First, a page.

Famous sports betting influencer Gadoon “Spanky” Kyrollos was named in court documents as being part of an extortion plot involving sports betting giant DraftKings.

The filings accused DraftKings of leaking confidential information to Spanky as part of the scheme, which allegedly led to a masked man threatening the anonymous plaintiff’s life for $500,000 owed.

DraftKings strongly denies the allegations, arguing in a statement provided to NEXT.io that the complaint is full of inaccuracies and baseless allegations.

The company’s share price fell more than 5% to $38.00 after NEXT.io first reported the existence of the complaint, wiping out nearly $1bn in shareholder value.

It is uncertain to what extent the controversy drove the drop, as the company’s share price had already been declining in the previous days.

The news has been widely reported since NEXT.io broke the story, including by mainstream news outlets.

Spanky tells his side of the story

Spanky took to X yesterday (25 June) to outline his side of the story, naming the case’s attorney Steven Jacobs as the plaintiff.

NEXT.io understands the details of Spanky’s statement to be in dispute.

In his statement, the sports betting influencer detailed a scheme that saw him and his associate Oscar Jones place bets using Jacobs’ DraftKings account, to evade an existing ban on his own account.

The partnership, the existence of which is denied in the complaint, allegedly saw Spanky use Jacobs’ status as a “whale” to exploit higher betting limits.

Spanky’s associate Jones reportedly gave the suit’s alleged plaintiff Jacobs $82,375 to get the partnership started.

The partnership then prospered with Jacobs winning a “substantial” amount of money through it, according to Spanky.

Spanky claimed that Jacobs refused to repay winnings at the end of the scheme two months later, telling his alleged partners DraftKings had requested him to sign an “affidavit of eligibility”.

Jacobs was then allegedly urged to contact the New York State Gaming Commission to lodge a complaint and had BCC’d Jones to prove it had been filed.

Spanky claims to bluff DraftKings contacts

According to Spanky, after a month Jacobs claimed he had not heard a response from the regulator, which led to his partners getting suspicious.

Spanky said: “My strategy of following up on my suspicion was a test for Steve Jacobs. I told him — bluffing —  that I had the ability to receive information on the status of the payout from DK (I obviously do not have that power, nor am I connected with anyone who does have that power, given I am banned from betting at DK!)

“I wanted to gauge Steve’s response to my bluff; in particular, I was hopeful that if he was doing something wrong, that this bluff might encourage him to fess up. Steve maintained that DK was holding up his withdrawal request, and that he was waiting on a response to a complaint he filed with the New York Gaming Board.”

Jones, said Spanky, then had the idea to file a freedom of information request under New York law to request a copy of the complaint filed against DraftKings.

However, the sports betting influencer said that the request uncovered that Jacobs had immediately sent a second email claiming the first was sent in error.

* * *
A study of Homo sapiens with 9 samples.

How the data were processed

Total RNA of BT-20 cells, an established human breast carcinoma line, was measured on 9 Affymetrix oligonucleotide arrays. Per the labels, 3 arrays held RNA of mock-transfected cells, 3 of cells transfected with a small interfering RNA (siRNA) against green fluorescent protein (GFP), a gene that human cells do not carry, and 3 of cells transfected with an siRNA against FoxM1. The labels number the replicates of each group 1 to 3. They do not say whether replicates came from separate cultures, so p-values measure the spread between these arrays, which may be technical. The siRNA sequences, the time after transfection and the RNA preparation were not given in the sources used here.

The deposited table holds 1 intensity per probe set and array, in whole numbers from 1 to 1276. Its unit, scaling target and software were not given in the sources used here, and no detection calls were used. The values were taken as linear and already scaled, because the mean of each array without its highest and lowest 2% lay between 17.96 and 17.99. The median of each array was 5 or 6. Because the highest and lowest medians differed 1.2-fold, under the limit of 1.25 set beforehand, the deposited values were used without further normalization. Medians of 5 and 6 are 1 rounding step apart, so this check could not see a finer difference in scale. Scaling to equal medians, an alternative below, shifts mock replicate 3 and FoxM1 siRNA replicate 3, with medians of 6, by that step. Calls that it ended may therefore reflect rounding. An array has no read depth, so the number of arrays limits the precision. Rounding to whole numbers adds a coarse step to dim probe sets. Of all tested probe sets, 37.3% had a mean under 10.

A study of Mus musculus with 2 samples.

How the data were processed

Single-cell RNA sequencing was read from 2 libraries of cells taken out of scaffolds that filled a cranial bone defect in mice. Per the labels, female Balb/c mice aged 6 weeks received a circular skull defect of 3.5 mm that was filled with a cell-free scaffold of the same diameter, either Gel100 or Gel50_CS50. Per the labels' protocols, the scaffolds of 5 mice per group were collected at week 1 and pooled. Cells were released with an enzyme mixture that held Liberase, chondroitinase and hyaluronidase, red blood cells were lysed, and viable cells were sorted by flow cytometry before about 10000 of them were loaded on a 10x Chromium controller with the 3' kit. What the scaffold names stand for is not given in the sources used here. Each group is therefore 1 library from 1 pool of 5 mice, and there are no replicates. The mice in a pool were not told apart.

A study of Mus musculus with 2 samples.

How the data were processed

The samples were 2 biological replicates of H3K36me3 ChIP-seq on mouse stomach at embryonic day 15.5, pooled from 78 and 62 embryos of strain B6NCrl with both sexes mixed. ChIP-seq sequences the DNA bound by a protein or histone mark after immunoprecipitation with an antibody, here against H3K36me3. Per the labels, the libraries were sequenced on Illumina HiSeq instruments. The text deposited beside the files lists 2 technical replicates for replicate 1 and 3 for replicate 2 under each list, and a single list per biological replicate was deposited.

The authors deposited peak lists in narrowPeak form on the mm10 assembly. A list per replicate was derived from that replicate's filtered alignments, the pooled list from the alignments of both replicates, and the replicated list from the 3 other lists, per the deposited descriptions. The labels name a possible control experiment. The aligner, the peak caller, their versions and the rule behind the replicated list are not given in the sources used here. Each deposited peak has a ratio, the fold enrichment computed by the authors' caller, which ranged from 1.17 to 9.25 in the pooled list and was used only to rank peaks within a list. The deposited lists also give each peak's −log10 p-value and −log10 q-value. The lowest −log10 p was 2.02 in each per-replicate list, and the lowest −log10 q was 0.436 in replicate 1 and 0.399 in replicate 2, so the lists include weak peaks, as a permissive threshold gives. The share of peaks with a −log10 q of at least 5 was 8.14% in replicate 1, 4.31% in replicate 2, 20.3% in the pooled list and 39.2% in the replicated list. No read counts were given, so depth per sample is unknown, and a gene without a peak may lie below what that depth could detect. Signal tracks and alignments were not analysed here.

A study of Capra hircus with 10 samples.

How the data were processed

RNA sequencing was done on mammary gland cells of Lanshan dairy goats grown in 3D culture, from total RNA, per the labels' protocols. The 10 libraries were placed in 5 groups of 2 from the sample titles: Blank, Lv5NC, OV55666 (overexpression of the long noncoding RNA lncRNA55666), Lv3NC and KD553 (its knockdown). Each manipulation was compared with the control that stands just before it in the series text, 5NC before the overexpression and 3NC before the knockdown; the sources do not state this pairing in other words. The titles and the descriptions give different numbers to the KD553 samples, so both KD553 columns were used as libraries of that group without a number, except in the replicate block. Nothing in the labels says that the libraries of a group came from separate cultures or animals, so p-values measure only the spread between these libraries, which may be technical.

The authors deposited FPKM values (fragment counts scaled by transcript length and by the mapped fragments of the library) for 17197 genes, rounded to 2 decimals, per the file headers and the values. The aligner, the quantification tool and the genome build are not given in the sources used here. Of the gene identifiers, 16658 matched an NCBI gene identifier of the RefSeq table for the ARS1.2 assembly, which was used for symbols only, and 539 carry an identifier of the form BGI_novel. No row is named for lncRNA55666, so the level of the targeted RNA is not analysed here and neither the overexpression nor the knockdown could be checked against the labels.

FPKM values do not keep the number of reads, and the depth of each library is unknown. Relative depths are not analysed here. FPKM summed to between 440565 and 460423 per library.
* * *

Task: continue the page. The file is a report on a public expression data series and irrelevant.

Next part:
Spanky attached a copy of the email obtained through the request to his statement.

The letter states the initial email was sent in error as part of a training model in his day-to-day work as a gaming lawyer.

While the letter does seem to support Spanky’s statements, it should be noted that identifying information has been redacted, so it cannot be definitively linked to Jacobs.

Spanky also claimed he spoke to Jacobs, who allegedly admitted he owed over $1m to other people.

He highlighted a March 2023 lawsuit which he settled with a plaintiff named Jonathan Bronsan for $270,814.

Spanky added that Jacobs is involved in multiple other lawsuits, featuring claims for hundreds of thousands of dollars on both sides.

He said: “I never threatened Steve nor sent a “masked man” to threaten him; however, given that Steve Jacobs owes over a million dollars ($1,000,000.00) to so many people, his claims don’t surprise me.

“I never received any information from anyone at DraftKings about Steve Jacobs. [Freedom of Information law] was all we needed to prove this guy to be a shyster.”

Jones files in legal challenge against Jacobs

Court records show that Jones previously filed a legal challenge against Jacobs in April 2023 for $445,071.59

It should be noted this figure is close to the $500,000 that Jacobs was allegedly threatened over in his complaint.

The case, which was filed in New York County, argues the affidavit of eligibility did not exist and was created by Jacobs.

It also states on “information and belief” that DraftKings had no issue processing the withdrawal request.

In a motion to dismiss, Jacobs argued Jones himself admitted to violating federal laws.

He said: “Jones… is an extraordinarily sophisticated and predatory professional bettor, who is sufficiently shrewd to allegedly beat DraftKings out of hundreds of thousands of dollars in three months.”

The judge agreed with Jacobs’ argument and dismissed the case, ordering Jones to pay attorney fees.

She also ordered Jones to pay Jacobs $250,000 for violating a signed agreement between the two, mandating he not sue him.

Jones is currently attempting to appeal the case.

Spanky was not mentioned in the Jones suit, despite being named as a known associate in Jacobs’ complaint.

Jacobs declined to comment when contacted.